The one thing fishermen everywhere don't lack is fish stories. Behind every fish that is caught, got away or is imagined, there's a story to go along with it.
Rych Clime, the end-of-the-week leader of the 7th Annual Spring King Salmon Derby, is no exception. His 35.6-pound gutted and gilled salmon has held the top spot since May 10, when he bumped Phillip Sellick's 30-pounder, which held the lead for a mere three days.
"I'm happy where I'm at," said Clime, an employee of the Alaska Department of Corrections and a volunteer firefighter, on Thursday.
Clime caught his fish on the back side of Douglas Island on Friday, May 9. He said it was getting late and he was about to pack it in and go home when his downrigger popped and his line ran out. After a 20-minute fight and a couple of good runs, he managed to land the salmon that weighed a respectable 42 pounds in the round.
But it wasn't that simple.
Before Clime caught his fish, he had just tied a new leader with a treble hook and right after he got the fish into the boat, the leader snapped right above the hook.
"If I stay in first place, it's going to be the story of the little hook that could," he said.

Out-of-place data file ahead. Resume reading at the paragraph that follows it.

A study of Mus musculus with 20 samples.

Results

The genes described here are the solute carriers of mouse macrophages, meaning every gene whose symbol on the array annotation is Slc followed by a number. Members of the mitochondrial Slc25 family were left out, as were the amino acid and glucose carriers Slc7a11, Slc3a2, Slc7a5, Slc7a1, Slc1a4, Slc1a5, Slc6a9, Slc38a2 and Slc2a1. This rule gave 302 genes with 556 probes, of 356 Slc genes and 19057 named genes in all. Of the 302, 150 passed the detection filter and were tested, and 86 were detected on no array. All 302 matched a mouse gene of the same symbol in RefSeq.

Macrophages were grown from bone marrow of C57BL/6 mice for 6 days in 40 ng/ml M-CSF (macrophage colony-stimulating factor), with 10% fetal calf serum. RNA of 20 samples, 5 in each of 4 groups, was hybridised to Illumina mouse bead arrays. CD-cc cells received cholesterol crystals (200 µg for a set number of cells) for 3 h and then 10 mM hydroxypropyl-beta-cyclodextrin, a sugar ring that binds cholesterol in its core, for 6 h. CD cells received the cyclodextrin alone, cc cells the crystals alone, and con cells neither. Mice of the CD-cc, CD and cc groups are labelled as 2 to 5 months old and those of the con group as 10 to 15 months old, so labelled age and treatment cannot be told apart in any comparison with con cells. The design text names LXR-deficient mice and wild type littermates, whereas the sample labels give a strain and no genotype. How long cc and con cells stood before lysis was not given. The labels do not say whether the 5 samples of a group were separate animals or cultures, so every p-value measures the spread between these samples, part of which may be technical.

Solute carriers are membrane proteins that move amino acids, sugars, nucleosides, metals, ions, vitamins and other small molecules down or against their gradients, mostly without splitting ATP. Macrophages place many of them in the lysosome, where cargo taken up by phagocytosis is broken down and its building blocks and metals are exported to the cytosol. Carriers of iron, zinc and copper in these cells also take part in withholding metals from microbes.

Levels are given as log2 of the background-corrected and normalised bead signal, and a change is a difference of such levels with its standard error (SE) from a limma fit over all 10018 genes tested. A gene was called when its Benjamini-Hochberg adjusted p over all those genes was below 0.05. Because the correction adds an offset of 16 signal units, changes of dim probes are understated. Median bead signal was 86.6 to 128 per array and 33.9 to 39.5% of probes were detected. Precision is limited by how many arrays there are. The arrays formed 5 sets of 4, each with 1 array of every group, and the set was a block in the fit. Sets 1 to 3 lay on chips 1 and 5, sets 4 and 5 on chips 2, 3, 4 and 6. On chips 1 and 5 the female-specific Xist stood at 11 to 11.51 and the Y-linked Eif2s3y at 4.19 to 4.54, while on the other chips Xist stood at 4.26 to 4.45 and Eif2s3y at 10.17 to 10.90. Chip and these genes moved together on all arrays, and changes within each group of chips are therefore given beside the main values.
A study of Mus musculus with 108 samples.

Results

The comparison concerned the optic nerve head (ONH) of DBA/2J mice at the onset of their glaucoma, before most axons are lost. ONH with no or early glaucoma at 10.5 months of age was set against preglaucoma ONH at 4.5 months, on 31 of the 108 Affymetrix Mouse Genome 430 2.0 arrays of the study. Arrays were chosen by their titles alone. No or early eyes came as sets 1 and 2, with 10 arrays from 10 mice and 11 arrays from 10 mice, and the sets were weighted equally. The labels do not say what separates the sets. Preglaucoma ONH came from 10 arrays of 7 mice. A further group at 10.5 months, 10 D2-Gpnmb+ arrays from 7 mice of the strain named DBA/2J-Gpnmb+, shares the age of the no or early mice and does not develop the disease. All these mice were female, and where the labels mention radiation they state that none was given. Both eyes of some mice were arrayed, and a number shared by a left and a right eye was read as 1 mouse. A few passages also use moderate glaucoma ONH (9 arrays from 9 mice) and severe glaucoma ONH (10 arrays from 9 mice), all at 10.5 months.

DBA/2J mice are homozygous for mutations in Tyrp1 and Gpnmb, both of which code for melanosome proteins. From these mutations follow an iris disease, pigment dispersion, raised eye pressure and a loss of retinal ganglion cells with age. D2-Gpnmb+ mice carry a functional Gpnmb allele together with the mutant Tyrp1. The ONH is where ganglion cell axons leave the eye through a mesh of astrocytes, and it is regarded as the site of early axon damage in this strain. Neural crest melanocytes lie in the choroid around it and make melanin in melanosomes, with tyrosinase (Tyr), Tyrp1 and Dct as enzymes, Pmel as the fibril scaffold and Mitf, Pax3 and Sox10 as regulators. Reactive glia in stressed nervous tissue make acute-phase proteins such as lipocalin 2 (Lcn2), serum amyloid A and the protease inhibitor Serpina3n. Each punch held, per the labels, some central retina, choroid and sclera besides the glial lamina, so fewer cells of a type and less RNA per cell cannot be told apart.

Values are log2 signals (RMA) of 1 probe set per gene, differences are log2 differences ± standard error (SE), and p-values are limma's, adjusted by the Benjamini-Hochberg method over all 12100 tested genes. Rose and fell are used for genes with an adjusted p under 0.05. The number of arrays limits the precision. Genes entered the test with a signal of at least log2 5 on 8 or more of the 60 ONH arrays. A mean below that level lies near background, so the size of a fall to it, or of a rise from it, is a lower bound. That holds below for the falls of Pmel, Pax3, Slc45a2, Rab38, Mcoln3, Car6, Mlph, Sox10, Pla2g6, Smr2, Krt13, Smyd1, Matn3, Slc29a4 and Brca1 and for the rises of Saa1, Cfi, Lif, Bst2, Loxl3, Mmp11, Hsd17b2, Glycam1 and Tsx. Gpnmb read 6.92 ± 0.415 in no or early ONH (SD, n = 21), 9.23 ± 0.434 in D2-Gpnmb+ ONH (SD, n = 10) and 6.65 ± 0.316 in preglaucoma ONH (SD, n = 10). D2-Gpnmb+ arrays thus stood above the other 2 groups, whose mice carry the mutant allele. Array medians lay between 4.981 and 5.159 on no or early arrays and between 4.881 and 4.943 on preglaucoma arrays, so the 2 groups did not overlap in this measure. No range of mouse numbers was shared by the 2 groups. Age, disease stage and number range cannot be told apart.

He saved the hook, which he now considers a good luck charm. If his fish stays on top for the last half of May, it will be placed with his winner's trophy so the story can be told for years to come.
The likelihood of Clime's fish staying in first place is questionable. Ever since the derby was started in 1997, the winning fish always has surpassed the 40-pound barrier. Last year, David Julian won with a 41.8-pound king; in 2001, Alfred McKinley won with a 40.6 pounder; in 2000, Michael Zecevic took top honors with a 41.3 pounder. Rich Beasley's 42.5-pound king claimed the 1999 derby; Marion Ezrre won the 1998 contest with a 41.4-pound fish; and Rick Lewis won the inaugural Spring King Derby with a 41.4 pounder.
But that doesn't mean Clime doesn't have a chance. Several long-time Juneau fishermen predict the bigger kings will show up later in the month, but whatever happens, Clime is assured to have one of the top fish, and claim a respectable prize. On Thursday, Clime had a scare when Albert Cuanzon weighed in a 33.7-pound king to put him in second place.
The secondary categories could be tougher to beat than Clime's fish. Harold Wheaton, 84, has held the Oldest Veteran contest top spot since May 2 with his 18.8-pound king. And Robert Beierly III's 8.9-pound king weighed in May 8 will almost certainly claim the Smallest Weigh-In award.
But with almost half of a month of fishing left, anything is possible. Good luck to all the fishermen out there. The derby winner is still swimming around. All you need to do is catch it.
Jeff Kasper is a freelance writer and former Empire sportswriter. He can be reached at 209-7427.